Posted on Tuesday, December 03, 2013

Is Your Phone Damaging Your Ears?

This ambulance light won't sound when your phone is damaging your ears.

Recently a member of the People Hearing Better staff had been listening to an Audible book on their phone when their phone informed them that they had been listening with earbuds at an unacceptable level. It then said that--for this person's own good--it was lowering the sound. All freaky references to the singularity aside, this really surprised our staffer. Not just because this person had no idea their phone cared so much, but because this person had not thought the phone sound was that high. But, then again, how was this person to know how high they had the phone? The little line on the phone screen doesn't tell deciBel levels. So how can anyone tell if our technology is hurting our ears?

According to an article in the ISRN "mobile phones are among the most popular portable media players (PMP) on the market and present an emerging health concern in both occupational and nonoccupational settings." Hearing loss caused from listening to loud sounds is called noise induced hearing loss (NIHL). In our increasingly technology driven world it is becoming more and more apparent that people need to practice safe sound. But how can you tell if your hearing has been affected? It’s not as easy as you might suspect. Hearing loss cuts us off from the world, and as this hearing survey shows, we can become oblivious to the signs. A simple test is to consider how your ears reacted after being on the phone or listening to something on your phone for a long time. If there was pain, a feeling of having your ears temporarily blocked, or you had a temporary buzzing or ringing in your ears, chances are you have experienced damaged hearing. But what does that mean?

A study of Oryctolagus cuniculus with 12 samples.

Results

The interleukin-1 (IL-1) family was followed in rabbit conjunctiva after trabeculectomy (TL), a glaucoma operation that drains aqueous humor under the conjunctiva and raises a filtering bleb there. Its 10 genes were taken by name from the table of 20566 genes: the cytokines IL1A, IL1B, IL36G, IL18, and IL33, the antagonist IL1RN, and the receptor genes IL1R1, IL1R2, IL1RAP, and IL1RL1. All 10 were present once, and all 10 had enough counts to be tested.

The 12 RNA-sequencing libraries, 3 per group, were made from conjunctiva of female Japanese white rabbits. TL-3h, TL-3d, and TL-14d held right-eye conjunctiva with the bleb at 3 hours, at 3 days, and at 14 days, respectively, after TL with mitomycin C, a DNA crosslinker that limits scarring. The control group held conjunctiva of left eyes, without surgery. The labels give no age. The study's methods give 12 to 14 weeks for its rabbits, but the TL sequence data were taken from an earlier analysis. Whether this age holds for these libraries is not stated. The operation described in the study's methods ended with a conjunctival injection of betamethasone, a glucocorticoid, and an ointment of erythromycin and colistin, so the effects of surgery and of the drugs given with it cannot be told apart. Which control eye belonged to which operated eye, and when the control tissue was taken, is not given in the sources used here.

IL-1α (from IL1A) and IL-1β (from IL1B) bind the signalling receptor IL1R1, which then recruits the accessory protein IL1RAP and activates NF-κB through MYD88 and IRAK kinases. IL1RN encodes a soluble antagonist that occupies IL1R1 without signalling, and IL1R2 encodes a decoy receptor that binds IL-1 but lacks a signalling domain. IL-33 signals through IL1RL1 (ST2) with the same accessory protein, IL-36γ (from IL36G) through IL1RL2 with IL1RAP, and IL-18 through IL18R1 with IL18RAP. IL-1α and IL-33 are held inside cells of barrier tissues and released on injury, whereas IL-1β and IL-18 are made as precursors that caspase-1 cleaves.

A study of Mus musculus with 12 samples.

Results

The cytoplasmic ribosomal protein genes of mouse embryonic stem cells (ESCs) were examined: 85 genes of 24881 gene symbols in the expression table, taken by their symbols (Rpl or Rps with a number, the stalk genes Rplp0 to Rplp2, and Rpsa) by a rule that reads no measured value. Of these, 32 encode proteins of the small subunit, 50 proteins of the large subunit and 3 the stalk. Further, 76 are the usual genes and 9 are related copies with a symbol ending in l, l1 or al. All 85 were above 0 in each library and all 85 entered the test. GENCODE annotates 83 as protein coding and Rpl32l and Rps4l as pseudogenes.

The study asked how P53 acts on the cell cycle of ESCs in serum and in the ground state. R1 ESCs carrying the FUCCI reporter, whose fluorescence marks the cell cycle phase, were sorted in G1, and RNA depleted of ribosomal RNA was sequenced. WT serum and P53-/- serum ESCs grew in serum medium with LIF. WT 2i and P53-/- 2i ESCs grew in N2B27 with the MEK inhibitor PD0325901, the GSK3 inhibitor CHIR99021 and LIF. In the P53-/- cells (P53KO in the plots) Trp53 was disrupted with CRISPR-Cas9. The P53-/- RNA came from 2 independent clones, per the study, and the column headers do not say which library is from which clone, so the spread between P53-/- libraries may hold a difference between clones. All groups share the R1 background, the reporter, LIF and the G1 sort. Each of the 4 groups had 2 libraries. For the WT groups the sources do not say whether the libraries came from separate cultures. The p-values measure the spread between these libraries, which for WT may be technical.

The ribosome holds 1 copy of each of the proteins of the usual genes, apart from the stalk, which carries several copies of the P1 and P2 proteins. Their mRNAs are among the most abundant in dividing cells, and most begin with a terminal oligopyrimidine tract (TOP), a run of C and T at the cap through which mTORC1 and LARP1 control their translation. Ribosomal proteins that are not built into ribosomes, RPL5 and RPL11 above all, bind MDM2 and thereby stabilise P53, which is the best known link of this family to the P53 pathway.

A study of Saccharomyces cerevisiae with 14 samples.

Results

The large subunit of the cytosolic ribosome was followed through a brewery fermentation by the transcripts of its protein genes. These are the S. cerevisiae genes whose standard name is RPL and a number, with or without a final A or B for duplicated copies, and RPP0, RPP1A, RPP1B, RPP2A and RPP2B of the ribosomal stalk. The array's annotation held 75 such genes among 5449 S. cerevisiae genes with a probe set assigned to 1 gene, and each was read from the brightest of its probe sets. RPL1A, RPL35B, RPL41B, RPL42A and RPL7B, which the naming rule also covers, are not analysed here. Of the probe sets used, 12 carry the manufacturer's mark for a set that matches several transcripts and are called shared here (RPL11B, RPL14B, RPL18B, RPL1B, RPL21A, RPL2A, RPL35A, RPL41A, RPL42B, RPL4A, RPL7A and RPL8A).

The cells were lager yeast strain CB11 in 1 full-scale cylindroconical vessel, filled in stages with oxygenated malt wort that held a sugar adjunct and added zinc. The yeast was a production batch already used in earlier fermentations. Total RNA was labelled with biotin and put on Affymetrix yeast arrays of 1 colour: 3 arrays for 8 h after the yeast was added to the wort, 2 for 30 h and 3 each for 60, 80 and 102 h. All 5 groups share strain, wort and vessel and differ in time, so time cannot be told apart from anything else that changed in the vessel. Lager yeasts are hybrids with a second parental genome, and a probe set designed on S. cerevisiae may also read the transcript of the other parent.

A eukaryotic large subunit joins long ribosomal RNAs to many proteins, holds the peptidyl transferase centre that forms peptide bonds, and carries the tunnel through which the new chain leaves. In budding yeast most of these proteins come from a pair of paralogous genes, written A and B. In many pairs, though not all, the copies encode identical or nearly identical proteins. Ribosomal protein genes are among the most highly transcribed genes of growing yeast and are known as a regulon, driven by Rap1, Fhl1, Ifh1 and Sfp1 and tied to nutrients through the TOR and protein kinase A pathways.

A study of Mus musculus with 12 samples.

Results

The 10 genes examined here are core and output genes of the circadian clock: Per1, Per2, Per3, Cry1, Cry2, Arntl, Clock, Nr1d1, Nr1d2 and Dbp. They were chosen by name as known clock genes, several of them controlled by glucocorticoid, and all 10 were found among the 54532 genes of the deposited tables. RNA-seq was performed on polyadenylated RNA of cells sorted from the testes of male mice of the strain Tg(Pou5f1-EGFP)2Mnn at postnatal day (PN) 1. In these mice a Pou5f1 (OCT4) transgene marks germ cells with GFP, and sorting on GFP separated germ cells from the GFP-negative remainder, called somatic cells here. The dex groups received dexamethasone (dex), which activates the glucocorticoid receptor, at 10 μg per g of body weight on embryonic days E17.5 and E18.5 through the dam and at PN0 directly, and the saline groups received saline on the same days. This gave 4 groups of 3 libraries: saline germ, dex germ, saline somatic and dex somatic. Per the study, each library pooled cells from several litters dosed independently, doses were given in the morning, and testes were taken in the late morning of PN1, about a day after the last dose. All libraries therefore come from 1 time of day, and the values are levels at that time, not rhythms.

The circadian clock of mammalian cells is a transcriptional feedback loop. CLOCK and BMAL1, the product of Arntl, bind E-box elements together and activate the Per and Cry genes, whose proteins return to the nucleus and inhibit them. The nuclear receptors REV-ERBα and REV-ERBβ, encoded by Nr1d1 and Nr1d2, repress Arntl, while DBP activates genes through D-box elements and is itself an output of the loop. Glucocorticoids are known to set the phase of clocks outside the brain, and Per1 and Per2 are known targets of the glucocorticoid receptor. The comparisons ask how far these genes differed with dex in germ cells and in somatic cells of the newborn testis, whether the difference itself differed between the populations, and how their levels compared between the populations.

What is Noise Induced Hearing Loss?

Noise induced hearing loss happens deep inside the ears. Inside the ear are small, delicate hairs that help conduct the noise that constitutes your hearing. Injury to these hair cells comes from exposure, sudden or prolonged, to loud noises. This can result in temporary and permanent hearing loss. With repeated exposure to loud sounds any temporary hearing loss can and will become permanent.

To guard against NIHL, you need to become familiar with and avoid dangerous decibel levels.

There is no monitor on your phone that says, “dangerous level of decibels”, but there are resources online to help acquaint yourself with hazardous noise levels. For a quick reference, the average conversation between two people tunes in at about 60 dB. A motorcycle ramps the sound up to about 75 dB—this exposure most likely wouldn’t damage hearing unless it is for an extended period of time. The highest setting on your iPod or other personal listening device can hover between 105 to 120 dB. These levels are dangerous and can damage hearing. According to USA Today, “France, the government has set a limit of 100 decibels in MP3 players, and Apple has made adjustments.” In other words, keeping the line on your phone and your iPod or other MP3 or PMP at or below the center--the midpoint between its highest and lowest setting.

In addition to setting your phone or other listening devices level at or below the midpoint, you should be aware of loud sounds within your environment. Health Hearing has a list of the best apps for determining deciBel levels in your environment. Using these monitors isn't guaranteed, but they are a guide that allows you to have a better sense of the noise around you. The best way to keep your hearing healthy is to visit your hearing health provider for an annual exam. If you need help finding a hearing health provider click HERE to be connected with the largest network of trusted hearing health professionals in the nation!